By Paul Eddison

HELEN Glover is not used to relinquishing power but she is willing to adapt as she prepares for her fourth Olympic Games.

The double Olympic champion from Truro came out of retirement for the second time with the aim of making it to Paris 2024, and looks set to achieve that goal.

She won both of her golds in the women’s pair, and it was in the same boat that she finished fourth in Tokyo – a remarkable achievement given she had only been back on the water for a year.

Now, having returned from a second retirement, Glover has been named in the coxless fours for this month’s World Cup event in Italy, a different challenge where she admits she will not have the same level of control.

She explained: “It’s definitely different, it’s a different challenge. It’s a challenge I wanted when I came back. I was very keen to do something new and challenge myself in a different way. You relinquish a lot of the power. In the pair you have a lot more authority but I really enjoy that. I like feeling part of a team, much bigger than me. It’s been really enjoyable.

“It did a little bit (take time to get used to). I was quite keen to learn from the people around me. I’ve got quite a few experienced people with me.

“I know that a lot of my experience will come in useful getting to the Olympics. I think there is a healthy amount of everyone having enough say in the boat.”

The coxless four have enjoyed a strong Olympic cycle, winning World Championship gold in 2022 before following that up with bronze last summer as Glover returned.

Now 37, Glover knows exactly what it takes to reach the Games in peak condition, with the mum of three keen to bring her children on the journey to Paris with her.

Managing her family and the Olympic dream is not easy, with Glover’s husband, TV presenter Steve Backshall, taking on a lot of the administrative tasks around Paris.

But for Glover, there is no question of focusing all her energy on her rowing.

“One thing I find hugely interesting is that if I do all the extra-curricular activities with the kids, if I do the pick-ups and the parents evenings and the clubs, you might think it would take away so much from my recovery that it would affect my performance,” added Glover, speaking as an official Aldi ambassador ahead of this summer’s Olympic Games.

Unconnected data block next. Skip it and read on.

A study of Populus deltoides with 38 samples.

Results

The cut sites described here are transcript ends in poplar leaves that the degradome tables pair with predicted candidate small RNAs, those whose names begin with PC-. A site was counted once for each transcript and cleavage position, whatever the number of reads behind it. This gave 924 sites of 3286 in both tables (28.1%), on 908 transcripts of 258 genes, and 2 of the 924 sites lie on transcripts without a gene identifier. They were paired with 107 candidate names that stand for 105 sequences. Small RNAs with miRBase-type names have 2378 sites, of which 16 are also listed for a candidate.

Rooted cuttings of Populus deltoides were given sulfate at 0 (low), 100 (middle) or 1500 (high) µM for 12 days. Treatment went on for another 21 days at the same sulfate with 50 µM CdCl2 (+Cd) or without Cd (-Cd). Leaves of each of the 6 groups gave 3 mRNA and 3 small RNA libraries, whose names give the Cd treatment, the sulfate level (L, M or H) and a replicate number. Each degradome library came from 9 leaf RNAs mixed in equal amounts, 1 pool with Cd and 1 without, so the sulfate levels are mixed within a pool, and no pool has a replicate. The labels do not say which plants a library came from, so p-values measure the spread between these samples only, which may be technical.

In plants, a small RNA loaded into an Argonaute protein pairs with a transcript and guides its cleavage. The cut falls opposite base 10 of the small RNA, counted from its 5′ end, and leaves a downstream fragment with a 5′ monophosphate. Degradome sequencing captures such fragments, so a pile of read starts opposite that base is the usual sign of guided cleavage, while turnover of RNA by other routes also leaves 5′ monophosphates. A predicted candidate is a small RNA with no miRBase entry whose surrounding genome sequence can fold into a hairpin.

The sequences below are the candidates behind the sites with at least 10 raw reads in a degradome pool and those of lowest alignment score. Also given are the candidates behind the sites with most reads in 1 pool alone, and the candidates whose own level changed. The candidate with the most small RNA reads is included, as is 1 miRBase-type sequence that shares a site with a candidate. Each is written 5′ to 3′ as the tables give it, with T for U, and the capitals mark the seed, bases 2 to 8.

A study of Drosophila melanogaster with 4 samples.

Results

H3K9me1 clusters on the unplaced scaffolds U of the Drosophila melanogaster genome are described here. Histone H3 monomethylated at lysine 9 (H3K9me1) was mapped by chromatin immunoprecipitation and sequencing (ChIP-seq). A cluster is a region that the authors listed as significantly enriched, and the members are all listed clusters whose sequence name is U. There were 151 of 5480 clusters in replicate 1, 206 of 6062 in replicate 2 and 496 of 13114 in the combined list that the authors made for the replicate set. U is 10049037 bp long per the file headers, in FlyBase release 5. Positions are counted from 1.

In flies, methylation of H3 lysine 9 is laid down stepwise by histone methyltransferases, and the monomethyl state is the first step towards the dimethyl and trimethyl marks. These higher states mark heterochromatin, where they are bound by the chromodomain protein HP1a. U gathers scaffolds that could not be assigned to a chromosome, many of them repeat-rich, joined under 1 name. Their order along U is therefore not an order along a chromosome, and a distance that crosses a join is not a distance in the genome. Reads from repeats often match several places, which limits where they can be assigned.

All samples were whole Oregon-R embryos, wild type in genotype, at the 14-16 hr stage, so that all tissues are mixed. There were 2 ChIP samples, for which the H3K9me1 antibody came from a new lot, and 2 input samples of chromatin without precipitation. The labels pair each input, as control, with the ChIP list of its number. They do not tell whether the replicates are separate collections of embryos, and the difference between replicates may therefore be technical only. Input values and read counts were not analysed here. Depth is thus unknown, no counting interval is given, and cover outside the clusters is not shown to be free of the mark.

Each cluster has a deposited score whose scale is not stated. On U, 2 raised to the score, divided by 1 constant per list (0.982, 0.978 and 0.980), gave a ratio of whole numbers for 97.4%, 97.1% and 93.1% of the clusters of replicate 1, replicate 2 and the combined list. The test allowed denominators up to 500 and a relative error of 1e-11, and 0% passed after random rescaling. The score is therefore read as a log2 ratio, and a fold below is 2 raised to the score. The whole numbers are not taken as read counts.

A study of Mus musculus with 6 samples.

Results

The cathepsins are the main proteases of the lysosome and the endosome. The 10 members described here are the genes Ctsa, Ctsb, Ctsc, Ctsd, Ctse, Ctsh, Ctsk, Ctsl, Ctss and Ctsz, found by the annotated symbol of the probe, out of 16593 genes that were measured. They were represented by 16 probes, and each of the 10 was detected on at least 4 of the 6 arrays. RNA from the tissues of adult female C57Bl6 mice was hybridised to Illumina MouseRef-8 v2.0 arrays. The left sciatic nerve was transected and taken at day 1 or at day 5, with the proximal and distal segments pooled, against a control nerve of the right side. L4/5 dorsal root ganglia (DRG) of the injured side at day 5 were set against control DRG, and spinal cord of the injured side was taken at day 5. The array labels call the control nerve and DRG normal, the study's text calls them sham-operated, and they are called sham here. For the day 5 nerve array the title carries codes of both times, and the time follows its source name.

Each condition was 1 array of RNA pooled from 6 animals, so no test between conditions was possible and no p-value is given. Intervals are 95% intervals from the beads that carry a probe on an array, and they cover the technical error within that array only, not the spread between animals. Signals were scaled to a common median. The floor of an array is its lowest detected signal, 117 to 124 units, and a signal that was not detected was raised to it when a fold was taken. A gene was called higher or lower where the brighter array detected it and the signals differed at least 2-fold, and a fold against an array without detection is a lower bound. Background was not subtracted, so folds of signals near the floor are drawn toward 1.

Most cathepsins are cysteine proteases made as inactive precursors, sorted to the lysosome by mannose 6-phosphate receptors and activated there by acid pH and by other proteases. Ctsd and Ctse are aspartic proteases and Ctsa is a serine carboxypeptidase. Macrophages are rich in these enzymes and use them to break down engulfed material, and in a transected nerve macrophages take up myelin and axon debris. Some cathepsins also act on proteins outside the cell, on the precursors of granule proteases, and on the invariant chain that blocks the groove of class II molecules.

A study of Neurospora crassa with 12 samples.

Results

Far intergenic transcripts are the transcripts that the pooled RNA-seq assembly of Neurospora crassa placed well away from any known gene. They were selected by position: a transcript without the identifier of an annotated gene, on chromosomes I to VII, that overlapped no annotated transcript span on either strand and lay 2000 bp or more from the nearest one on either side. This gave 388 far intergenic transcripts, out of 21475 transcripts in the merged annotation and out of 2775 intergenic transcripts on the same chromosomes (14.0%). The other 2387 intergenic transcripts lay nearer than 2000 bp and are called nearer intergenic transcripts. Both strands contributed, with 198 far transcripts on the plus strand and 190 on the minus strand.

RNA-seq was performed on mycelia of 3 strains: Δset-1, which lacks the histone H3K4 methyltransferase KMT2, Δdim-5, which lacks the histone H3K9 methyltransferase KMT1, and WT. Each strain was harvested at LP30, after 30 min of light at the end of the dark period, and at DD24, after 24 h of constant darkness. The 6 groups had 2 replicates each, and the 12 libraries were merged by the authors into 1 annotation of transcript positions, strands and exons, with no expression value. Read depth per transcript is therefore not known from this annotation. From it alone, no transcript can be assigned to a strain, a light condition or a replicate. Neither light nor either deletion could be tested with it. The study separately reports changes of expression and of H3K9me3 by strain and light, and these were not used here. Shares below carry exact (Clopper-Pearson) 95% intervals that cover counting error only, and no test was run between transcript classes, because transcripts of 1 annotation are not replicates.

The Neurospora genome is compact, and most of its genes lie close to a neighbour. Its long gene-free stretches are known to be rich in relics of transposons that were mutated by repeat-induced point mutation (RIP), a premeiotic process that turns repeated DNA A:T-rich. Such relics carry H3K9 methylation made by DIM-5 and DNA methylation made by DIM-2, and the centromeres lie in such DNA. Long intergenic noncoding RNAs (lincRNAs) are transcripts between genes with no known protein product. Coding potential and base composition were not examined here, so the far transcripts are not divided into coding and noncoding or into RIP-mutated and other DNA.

“But actually, doing it is the most important thing. The mental freedom I get, knowing that I’m doing the best job I can, frees me up to be the best rower I can. Practically, maybe going home and resting would be the right thing to do, but I’m blown away by the amount that mental freedom gives me, even if my body might be exhausted. When I know the kids are happy and safe and settled, I feel like I can get the best out of myself on the water.”

Aldi are the official partners of the Nearest and Dearest programme in partnership with Team GB. It helps maximise support and minimise potential distractions for athletes so that they can focus on their performance and make the most of the unique opportunity to compete on one of the world’s largest stages.

Along with a five-year-old boy, Glover and Backshall have four-year-old twins, with all three planning to be in Paris for the Games.

For now, the challenge is grasping exactly when their mum will be going for that third gold.

“The twins understand now,” Glover said. “They see how much training I do and how much work I do. They ask ‘When is this race?’. It’s brought up at nursery and they are asking ‘Is it today?’. A couple of times I’ve walked out to training and they wish me good luck at the Olympics. I have to say, not yet! I think when they finally realise and see what all the hard work is about.

“In terms of when I first came back, I wanted the kids to be part of the journey and wanted them to be part of it. Now, the realisation is that probably only matters in Paris. In the day-to-day, mummy is on the rowing machine again, that’s not very exciting for them and is quite normalised. They feel part of it and they will probably look back and realise what I am doing. But it comes down to them being three little faces in Paris.

“Them being there will really be the crescendo of the whole thing, bringing the family along for the whole experience.”